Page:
How to Make: White Chocolate Mice

Just like the ones in our latest fashion story! Only edible!
Publish date:
September 19, 2011
food, baking, chocolate

As a child, one of my greatest passions was eating disproportionately sugary food -- the holy grail of which has to be Pick 'n' Mix sweets. Within this paper bag riddled with E-numbers and neon food colourings, my most beloved sweet had to be the "chocolate" white mice.

In a recent bout of nostalgia, I decided to revisit my youth and indulge in my old faves. However, when I eagerly tucked in to my sugar-laden morsels, they were nowhere near as delicious as my memories had suggested. In fact, they tasted a bit ... piggy. Biting into those deceptively cute sweets was just like biting into solid white lard. Greatly saddened, I solemnly vowed never to revisit the confections of my past again.

Until one day, I stumbled across these rather wonderful chocolate moulds. It was love at first sight, and I immediately decided it was time to make amends with (and hopefully, improve) white mice. If you also fancy giving it a try, here's what you do.

1. Break up a 200g bar of good-quality white chocolate into a bowl. You could argue here that all white chocolate is a bit rubbish, since it contains no actual cocoa solids, but you can overlook this fact as you'll soon be eating posh chocolate mice.

2. Now it's time to melt it down, and you can do it the orthodox way (bain-marie) or the easy way (microwave!) - just make sure the chocolate doesn't burn, no one likes that. Now is your chance to add a bit of panache to your white mice. I personally opted for two packets of popping candy (mine was charmingly named "Fizz Wizz"), which adds an element of surprise AND a slight strawberry flavour. An all round winner, I think.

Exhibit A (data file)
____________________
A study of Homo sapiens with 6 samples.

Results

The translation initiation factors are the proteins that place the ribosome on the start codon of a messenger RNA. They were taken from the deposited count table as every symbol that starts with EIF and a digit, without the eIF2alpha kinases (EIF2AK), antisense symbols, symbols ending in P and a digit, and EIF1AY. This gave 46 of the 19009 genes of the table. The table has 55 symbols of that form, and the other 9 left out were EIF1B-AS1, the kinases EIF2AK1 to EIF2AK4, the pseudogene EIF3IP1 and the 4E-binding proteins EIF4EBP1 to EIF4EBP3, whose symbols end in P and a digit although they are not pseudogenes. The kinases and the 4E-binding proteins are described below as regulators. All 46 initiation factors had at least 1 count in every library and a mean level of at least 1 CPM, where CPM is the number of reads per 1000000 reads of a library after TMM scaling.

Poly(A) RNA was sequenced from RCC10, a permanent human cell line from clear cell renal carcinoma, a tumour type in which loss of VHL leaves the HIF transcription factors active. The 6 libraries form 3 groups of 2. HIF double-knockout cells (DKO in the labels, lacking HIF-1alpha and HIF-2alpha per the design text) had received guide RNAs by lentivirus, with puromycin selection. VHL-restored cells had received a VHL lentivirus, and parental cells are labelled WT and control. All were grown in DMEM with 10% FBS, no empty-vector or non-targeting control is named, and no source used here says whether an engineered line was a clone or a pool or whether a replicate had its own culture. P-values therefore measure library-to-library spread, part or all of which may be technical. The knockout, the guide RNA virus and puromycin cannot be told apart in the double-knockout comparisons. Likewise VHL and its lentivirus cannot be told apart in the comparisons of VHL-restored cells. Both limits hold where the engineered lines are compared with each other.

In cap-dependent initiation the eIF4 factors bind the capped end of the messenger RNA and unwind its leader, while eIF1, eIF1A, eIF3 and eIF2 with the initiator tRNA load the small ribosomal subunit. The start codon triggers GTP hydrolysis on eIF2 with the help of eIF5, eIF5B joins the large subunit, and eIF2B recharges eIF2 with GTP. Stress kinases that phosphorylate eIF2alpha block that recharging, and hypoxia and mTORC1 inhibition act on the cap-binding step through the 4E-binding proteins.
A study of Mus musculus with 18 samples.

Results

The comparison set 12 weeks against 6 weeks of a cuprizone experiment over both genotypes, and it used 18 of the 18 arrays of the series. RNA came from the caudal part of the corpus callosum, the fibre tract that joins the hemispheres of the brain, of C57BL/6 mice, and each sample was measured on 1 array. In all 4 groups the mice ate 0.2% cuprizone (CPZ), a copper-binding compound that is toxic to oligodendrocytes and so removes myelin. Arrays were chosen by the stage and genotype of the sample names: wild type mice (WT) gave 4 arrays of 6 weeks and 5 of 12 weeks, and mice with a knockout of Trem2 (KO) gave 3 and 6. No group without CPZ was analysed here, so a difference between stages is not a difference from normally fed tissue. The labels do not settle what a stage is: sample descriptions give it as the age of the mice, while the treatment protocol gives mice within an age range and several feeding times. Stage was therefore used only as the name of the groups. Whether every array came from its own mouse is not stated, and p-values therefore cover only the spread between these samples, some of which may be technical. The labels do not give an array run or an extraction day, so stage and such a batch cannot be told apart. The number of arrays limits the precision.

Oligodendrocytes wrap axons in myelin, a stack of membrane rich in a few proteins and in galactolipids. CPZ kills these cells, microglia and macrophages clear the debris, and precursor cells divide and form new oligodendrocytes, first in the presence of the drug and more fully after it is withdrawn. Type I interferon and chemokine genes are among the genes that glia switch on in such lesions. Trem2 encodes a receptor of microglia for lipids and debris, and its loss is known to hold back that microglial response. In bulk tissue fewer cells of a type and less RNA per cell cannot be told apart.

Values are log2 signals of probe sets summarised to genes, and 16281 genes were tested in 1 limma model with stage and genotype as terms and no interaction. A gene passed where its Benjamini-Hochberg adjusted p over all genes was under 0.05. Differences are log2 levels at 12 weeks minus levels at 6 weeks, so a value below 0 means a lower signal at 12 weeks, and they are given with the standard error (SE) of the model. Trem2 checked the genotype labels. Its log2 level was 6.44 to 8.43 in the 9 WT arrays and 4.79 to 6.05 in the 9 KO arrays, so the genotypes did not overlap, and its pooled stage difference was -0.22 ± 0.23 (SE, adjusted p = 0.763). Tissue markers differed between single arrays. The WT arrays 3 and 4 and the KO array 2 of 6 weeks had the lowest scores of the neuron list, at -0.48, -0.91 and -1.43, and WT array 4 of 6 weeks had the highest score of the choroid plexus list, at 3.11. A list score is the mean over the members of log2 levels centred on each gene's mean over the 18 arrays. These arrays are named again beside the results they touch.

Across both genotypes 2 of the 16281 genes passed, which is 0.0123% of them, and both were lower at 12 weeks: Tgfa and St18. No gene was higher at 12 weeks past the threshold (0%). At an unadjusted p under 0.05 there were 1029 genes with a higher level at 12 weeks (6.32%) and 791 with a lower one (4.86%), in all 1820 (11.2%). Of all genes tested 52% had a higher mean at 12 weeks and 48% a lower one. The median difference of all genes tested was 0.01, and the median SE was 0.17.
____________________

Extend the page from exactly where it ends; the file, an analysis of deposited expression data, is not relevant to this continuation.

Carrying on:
However, if that's not your cup of tea, you could always add darker chocolate chips to make dalmation mice, à la The Royal Tenembaums.

3. A further opportunity to make your mice that little bit more pimped out is with the addition of food colouring. I used a teaspoon of pink, but I reckon blue, green or purple would look just as charming. Mix furiously until you have a uniform bowl full of pastel coloured gloop, and try and resist eating it just yet.

4. Spoon it evenly into your chocolate moulds, and don't worry if you have worrying unstable hands like mine and dribble it all over, because these bits you can snack on once it's set!

5. Last but not least, cut some strawberry laces into roughly 3 inch long pieces, and lovingly place them in the mice's rear ends. These will act as their tails, and a convenient way to grasp your mouse as you chew off it's delicious, chocolatey head.

6. Pop them in the fridge for about an hour an a half to set -- an agonizing wait, I know, but it will be worth it. Once they've hardened, simply peel them out of the mould and feel free to squeal with joy, marvel over how cute they are, and ultimately, devour them.

Present them to your loved ones with the next cup of tea or coffee you make them -- it's probably the only time that the sight of mice in a kitchen is met with joy!